I'm considering hardlinking config files into a working copy of my SVN config repository. Is there any reason why not to manage config files this way?

Assume /home/user/confmgr/confs is a working copy of my config repository. Then I could hardlink config files as follows-

ln /etc/php.ini /home/user/confmgr/confs/php.ini
ln /etc/httpd/conf/httpd.conf /home/user/confmgr/confs/httpd.conf

Then when I need to edit a config file it's this simple

cd /home/user/confmgr/confs
vi httpd.conf
/sbin/service httpd configtest
/sbin/service httpd graceful
svn commit -m 'adding virtual host to httpd.conf for new project'

3 Answers 3


A few observations in almost reverse order:

  1. Why not symlink instead?
  2. Consider turning your workflow around. Safely make your changes to a second working copy, review and commit, then svn up the working copy in live use.
  3. There are more sophisticated tools to manage complex config structures from version control. Consider using Puppet, BCFG2, etckeeper and so on.

I wouldn't put them in /home

Place the config files somewhere in the root filesystem.

This is because / is mounted before the other filesystems and there is a chance it might need config files that are located on a not yet mounted filesystem.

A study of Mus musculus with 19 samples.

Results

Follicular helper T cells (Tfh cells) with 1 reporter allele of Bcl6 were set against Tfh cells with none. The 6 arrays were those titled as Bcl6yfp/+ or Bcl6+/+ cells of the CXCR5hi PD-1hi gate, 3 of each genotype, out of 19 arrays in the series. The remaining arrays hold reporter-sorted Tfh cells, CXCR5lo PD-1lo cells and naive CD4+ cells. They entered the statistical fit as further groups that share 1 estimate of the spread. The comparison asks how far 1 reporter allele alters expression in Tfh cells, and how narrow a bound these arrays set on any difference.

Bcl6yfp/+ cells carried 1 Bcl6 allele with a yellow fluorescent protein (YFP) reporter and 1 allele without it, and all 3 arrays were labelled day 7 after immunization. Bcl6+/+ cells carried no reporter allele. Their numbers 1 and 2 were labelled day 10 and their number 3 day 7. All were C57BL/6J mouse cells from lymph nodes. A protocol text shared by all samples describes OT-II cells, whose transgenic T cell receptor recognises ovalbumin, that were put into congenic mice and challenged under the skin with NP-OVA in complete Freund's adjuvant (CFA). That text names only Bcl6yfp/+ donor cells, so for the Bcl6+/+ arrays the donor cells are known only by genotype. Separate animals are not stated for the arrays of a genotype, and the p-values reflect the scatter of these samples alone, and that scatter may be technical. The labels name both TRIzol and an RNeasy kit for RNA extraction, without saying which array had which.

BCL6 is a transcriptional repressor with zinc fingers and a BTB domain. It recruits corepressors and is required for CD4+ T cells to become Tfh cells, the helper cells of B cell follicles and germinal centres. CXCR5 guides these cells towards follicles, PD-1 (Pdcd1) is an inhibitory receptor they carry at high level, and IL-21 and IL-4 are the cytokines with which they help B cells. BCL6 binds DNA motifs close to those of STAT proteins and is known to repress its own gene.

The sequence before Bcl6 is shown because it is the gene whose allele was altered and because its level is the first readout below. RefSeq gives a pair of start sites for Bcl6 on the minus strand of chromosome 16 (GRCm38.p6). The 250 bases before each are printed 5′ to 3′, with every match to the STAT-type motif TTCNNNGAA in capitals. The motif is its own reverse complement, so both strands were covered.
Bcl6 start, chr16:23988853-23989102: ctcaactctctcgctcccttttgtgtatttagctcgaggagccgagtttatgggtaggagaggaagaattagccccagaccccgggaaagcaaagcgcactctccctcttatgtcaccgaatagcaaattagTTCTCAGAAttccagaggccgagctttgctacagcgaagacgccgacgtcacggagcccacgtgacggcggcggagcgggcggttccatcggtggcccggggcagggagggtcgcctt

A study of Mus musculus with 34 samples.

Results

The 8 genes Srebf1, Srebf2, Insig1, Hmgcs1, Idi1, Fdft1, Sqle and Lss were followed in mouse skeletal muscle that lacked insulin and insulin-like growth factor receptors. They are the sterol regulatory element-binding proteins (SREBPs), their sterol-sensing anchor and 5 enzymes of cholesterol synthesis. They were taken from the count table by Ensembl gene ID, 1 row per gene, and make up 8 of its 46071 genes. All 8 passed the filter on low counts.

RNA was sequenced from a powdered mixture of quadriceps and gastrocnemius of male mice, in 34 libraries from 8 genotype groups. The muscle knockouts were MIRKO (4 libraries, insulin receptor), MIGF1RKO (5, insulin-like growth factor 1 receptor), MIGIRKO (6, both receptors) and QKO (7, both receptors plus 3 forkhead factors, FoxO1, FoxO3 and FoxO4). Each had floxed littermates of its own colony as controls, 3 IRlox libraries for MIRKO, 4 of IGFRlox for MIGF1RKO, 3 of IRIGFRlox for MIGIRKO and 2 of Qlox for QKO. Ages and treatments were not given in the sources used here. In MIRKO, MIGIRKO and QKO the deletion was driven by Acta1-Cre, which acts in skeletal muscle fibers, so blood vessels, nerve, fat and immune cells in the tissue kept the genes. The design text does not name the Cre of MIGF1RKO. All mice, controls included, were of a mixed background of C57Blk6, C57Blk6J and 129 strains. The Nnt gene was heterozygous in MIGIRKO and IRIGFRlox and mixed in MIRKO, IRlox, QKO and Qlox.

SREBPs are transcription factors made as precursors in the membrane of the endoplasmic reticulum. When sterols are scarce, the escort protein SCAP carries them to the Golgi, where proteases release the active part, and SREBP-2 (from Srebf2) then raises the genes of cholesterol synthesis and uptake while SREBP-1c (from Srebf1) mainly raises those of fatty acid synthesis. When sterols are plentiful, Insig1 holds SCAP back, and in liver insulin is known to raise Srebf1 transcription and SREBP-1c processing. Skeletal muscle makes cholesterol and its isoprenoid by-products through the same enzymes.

I would also use symlinks and not hardlinks. Cross filesystem hardlinks aren't allowed (iirc) and you might get broken links when you check out updated files from SVN (changing inodes).

You'll need to be very careful but I can't see a reason why you can't run with this config.


etc-keeper is probably a good reference design for you:

etckeeper is a collection of tools to let /etc be stored in a git, mercurial, darcs, or bzr repository.

It stores the repo in /etc/.$RCS, but it doesn't support SVN. I'm not sure why; the author merely states he tried it and it sucks. Essentially, this approach makes /etc the working copy.